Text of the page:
Flor Matarrita’s history with environmental protection goes back decades. Since she was a child, she has dedicated her life to reforesting trees in the province and she has transmitted that passion, as she describes it, to many generations of students as a “debt to the planet.” Those efforts over the years made her deserving of the 2019 Nature Guardian Teacher Award.
Matarrita teaches children between 7 and 10 years old at the San Gerardo school in Hojancha. Part of her work has been to instill in the little ones the importance of caring for the environment and conserving the planet.
She has been a teacher for 30 years, and just as she has seen her students grow, she has also seen the trees they have planted grow over the years.
“When you pass near the school, you see large ceiba trees that are already 20 or 15 years old. These were planted by my little ones, who are also big. How happy it makes me to see them,” she related.
Along with her, three more educators from the Nicoya and Nosara school districts were presented with the same award. They are Hannia Jimenez, from Pilangosta’s school, Alice Canales, from Santa Marta School and Efrain Aviles, from Del Mar Academy.
Canales won because he runs multiple student programs in his educational center for sorting garbage and reusing plastics. One of the biggest problems in Nosara happens to be bad solid waste management, since it wasn’t until 2019 that the Municipality of Nicoya began to provide garbage collection service in the district.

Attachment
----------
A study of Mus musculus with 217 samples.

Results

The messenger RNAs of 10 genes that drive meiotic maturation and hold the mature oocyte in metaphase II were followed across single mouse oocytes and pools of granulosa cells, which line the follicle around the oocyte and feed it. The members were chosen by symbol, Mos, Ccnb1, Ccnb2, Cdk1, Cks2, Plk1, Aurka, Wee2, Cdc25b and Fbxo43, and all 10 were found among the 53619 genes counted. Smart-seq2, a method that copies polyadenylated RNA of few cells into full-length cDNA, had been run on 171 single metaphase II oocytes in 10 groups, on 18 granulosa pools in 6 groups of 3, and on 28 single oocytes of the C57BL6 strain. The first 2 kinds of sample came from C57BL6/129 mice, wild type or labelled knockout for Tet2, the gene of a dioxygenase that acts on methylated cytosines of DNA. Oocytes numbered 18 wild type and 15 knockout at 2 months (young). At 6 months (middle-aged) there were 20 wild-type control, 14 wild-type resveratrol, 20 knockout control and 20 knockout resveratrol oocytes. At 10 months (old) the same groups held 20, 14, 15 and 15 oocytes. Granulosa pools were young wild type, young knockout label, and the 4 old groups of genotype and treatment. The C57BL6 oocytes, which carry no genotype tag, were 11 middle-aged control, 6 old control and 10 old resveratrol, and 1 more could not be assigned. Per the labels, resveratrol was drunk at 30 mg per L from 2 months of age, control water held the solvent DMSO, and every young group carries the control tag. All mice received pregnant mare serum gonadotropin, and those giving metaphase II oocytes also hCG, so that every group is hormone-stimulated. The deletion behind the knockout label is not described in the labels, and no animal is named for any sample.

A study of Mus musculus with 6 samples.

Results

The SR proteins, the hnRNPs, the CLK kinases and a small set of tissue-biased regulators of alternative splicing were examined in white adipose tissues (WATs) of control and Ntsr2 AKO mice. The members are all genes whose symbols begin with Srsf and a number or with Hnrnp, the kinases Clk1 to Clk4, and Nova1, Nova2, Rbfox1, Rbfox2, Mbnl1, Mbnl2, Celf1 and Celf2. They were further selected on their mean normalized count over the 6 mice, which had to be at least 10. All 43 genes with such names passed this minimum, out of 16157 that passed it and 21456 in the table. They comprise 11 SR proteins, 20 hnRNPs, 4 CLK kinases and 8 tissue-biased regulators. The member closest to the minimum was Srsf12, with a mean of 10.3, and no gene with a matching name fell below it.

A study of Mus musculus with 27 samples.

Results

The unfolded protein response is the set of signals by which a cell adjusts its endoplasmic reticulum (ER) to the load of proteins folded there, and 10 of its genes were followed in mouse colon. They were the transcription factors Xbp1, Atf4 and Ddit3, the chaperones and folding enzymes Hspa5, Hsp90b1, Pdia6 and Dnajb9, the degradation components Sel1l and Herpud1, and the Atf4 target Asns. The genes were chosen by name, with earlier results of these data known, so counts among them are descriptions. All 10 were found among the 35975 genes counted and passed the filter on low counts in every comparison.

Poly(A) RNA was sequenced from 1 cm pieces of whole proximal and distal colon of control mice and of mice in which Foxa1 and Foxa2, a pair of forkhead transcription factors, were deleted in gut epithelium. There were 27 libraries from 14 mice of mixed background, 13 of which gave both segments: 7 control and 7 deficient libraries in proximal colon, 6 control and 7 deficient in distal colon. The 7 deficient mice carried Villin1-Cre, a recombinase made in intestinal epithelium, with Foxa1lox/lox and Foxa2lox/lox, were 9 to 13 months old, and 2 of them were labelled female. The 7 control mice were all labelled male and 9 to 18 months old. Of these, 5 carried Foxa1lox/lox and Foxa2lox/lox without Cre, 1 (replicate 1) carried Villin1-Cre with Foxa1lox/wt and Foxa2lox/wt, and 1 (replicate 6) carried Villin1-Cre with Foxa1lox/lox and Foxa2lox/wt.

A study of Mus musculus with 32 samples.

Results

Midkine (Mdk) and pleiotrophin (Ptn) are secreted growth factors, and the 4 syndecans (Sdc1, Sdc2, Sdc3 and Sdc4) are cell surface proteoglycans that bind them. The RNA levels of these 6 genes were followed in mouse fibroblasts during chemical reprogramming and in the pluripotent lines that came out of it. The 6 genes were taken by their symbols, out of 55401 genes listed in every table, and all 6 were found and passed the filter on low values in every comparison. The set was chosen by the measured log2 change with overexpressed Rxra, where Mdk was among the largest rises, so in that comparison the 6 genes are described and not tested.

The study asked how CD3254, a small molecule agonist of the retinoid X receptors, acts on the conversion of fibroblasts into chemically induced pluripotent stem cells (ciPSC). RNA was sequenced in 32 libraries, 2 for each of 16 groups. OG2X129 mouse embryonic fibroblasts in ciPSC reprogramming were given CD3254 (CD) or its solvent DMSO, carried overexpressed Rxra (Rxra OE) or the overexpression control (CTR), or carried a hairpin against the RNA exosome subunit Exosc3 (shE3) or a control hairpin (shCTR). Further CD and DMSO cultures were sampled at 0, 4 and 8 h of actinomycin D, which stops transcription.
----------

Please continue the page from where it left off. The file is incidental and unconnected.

“My interest is to sow the seed in future generations to take care of the environment, because they are the ones who are going to be affected by all the consequences if we do nothing,” the teacher affirmed.
According to the founder of Guardians of Nature, Jessica Sheffield, the award is designed to promote more environmental actions within schools. The award is open to the school districts of Nicoya center, Hojancha center and Nosara, the circuits where the environmental project has an impact.
Educators were nominated by community members. After accepting the nomination, they sent the members of the Guardians selection committee an explanation of the work they have done within their schools and how it has impacted students. That, along with the project work already monitored, made them deserving of the award.
Canales said that the award is shared with all of her students since they are now the ones proposing more environmental initiatives.
“For them, taking care of the environment is something routine. Now students teach ecobrick classes and other things to students from other schools who are not familiar with this process. They are empowered and they like it. Many times they have tried to teach their parents at home. The award is really theirs,” he emphasized.
The next award period is planned to take place in the second half of this year. For the first time, it will be opened to all districts in the Chorotega region.
“This project is very beautiful because it recognizes the efforts that are already being made. It puts the importance of creating environmental spaces on the table from when children are starting their growth processes,” Sheffield emphasized.